According to a recent study led by Sharon Morein-Zamir of the Department of Experimental Psychology at the University of Cambridge in the UK, individuals with obsessive compulsive behavior (OCD) are more impulsive than non-OCD individuals when they experience negative feedback or punishment. Morein-Zamir conducted the study to determine what cognitive control deficiencies, if any, were present in individuals with OCD compared to individuals with depression and anxiety. Because negative bias is present in all of these psychological conditions, Morein-Zamir wanted to see if it was especially pronounced in individuals with OCD, and particularly, if this occurred more under stress and influenced behavioral activation.

For her study, Morein-Zamir conducted a punishment/reward test on 20 individuals with OCD and 32 without. All of the participants were assessed for other mental health issues and were found to have no history of depression or anxiety. The participants were given tasks that allowed them to earn commissions. When they failed at a task, their commissions were decreased. The control participants responded to this punishment by slowing down and decreasing the time it took them to answer. However, the OCD participants did not. In fact, they increased their time to answer in response to punishment. They also exhibited more symptoms of OCD and increases in symptom severity as they received punishments. But when they were rewarded, the OCD participants performed at the same pace as the control participants.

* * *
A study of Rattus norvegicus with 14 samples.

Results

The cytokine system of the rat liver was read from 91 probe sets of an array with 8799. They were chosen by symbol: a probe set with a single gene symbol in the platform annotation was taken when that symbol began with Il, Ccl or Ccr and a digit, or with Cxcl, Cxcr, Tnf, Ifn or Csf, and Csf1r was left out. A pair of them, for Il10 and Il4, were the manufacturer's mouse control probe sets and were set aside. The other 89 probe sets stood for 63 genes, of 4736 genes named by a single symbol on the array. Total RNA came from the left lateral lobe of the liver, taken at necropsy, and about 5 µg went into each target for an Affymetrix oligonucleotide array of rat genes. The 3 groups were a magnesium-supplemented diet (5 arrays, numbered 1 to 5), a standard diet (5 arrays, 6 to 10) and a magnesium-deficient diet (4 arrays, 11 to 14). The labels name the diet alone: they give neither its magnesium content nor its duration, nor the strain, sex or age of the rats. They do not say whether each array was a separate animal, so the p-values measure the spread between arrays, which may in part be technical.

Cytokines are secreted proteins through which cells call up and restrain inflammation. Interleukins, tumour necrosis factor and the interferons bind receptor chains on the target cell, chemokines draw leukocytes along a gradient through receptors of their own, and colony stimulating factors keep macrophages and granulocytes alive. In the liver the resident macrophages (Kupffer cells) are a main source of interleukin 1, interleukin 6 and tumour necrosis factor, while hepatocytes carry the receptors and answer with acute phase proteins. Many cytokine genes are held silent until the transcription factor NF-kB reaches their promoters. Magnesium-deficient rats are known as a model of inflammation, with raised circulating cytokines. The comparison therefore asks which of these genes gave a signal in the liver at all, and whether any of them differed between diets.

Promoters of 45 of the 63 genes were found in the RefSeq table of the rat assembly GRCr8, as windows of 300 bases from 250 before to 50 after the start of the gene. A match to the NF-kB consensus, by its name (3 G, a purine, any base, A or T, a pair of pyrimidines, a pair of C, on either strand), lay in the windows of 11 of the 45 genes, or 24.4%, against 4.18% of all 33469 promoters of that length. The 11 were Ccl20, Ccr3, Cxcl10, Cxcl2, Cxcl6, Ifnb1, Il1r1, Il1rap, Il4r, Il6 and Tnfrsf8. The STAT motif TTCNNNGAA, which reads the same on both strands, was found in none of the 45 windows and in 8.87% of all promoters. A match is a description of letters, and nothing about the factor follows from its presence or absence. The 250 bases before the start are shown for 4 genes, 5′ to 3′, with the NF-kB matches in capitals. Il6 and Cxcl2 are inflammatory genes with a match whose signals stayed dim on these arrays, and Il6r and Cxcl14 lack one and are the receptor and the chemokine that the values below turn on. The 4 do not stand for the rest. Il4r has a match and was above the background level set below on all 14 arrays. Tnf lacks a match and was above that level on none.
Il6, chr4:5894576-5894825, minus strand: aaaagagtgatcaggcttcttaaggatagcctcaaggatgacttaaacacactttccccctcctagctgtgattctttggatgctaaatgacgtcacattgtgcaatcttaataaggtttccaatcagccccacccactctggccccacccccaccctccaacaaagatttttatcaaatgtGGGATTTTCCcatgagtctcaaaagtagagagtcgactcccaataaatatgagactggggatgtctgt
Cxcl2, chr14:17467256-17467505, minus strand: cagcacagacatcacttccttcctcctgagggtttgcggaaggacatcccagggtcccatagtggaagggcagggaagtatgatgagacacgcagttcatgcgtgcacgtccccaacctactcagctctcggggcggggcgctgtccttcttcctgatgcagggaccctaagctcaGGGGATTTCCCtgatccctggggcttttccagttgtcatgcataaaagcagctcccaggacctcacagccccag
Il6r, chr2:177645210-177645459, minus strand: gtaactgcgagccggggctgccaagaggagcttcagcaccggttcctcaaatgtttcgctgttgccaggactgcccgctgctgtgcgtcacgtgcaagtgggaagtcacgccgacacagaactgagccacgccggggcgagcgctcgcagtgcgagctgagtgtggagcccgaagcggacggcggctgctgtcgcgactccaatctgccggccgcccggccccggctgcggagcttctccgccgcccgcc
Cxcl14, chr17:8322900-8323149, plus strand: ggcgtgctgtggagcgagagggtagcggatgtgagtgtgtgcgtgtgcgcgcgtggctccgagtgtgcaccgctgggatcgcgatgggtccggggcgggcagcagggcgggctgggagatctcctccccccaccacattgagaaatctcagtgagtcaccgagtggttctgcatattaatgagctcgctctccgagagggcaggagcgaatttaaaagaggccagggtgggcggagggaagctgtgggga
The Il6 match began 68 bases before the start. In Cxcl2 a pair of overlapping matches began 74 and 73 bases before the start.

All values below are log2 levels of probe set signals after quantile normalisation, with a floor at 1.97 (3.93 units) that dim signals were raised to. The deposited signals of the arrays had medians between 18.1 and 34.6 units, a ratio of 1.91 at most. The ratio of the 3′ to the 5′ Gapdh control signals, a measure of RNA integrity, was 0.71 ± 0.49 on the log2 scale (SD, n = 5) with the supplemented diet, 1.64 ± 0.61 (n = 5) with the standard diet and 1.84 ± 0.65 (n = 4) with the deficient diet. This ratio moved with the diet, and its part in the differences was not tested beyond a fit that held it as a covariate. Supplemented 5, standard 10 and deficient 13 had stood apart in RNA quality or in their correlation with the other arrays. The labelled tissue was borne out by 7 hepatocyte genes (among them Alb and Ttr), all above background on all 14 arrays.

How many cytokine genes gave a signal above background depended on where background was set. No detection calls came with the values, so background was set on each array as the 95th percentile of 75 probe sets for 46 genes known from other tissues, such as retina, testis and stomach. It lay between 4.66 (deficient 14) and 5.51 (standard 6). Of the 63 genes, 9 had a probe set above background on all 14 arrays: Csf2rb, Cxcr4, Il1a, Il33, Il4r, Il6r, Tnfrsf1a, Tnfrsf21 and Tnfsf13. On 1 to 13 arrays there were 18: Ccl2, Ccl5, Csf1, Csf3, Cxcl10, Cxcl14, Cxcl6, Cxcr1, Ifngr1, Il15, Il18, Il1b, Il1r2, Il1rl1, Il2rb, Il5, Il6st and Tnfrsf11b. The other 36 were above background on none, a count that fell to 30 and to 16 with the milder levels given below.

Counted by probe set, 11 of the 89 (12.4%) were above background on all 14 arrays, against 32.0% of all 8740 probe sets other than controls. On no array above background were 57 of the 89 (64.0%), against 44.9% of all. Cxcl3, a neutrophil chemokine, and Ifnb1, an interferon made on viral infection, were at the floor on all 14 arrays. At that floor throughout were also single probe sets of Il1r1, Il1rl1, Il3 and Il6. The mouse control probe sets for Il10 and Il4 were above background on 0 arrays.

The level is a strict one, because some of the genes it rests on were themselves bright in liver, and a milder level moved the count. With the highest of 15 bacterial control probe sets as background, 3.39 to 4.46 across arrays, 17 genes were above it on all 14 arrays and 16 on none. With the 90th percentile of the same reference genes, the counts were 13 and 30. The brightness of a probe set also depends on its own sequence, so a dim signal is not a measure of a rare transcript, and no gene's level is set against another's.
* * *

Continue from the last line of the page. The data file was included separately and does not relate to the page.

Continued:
Morein-Zamir believes that these findings demonstrate a cognitive control deficiency in OCD. Unlike the bias toward negative stimuli that is found in depression and anxiety, the behavior exhibited by the participants in this study demonstrated impulsivity. However, the impulsivity that they exhibited was also different than impulsivity and inhibitory deficits found in other mental health conditions, such as addiction or ADHD, which appear to be present continuously and not only under threat of punishment. Overall, these findings show that people with OCD maintain some cognitive flexibility, but have specific cognitive impairments under certain conditions. “The present study stresses abnormal cognitive control processing, particularly during punishment, in OCD,” said Morein-Zamir.

Reference:
Morein-Zamir, S., et al. Punishment promotes response control deficits in obsessive-compulsive disorder: Evidence from a motivational go/no-go task. Psychological medicine 43.2 (2013): 391-400. ProQuest Research Library. Web. 30 Jan. 2013.

  • rebecca February 6th, 2013 at 3:52 AM #1

    So what are you supposed to do?
    Reward the undesired behavior?

  • Deacon Hanes February 6th, 2013 at 3:25 PM #2

    You must take a look at what sort of punishment is being meted out. Is it punishment that is meant to teach someone a lesson in a positive way, or is it punishment that is designed to hurt instead? If it is only designed to be negative, then any other issues that are already there and certain to be exacerbated by such

  • Marian February 7th, 2013 at 4:02 AM #3

    Do you think that addressing this remaining cognitive flexibility is enough to help stem the OCD in certain patients? I mean, it could be a start, a different way of approaching treatment for these patients.

  • PR February 8th, 2013 at 12:27 PM #4

    Nobody likes being punished. And if punishment triggers impulsivity in those with OCD that is not too surprising. After all those with OCD often do and redo things to reach a level of perfection that is ingrained in their minds. Now imagine doing all that and being told they are wrong. It would definitely trigger an impulsive response from them.

    Now hoe they should handle and manage this impulsitivity is an entire new topic. But if this topic finds the problem, that would help find a solution.

  • Cherie Wood May 22nd, 2013 at 12:29 AM #5

    Heightened levels of self-reported impulsivity may reflect the experience of anxiety in both OCD and ED populations whereas a lack of inhibitory control may represent a specific behavioral deficit in OCD.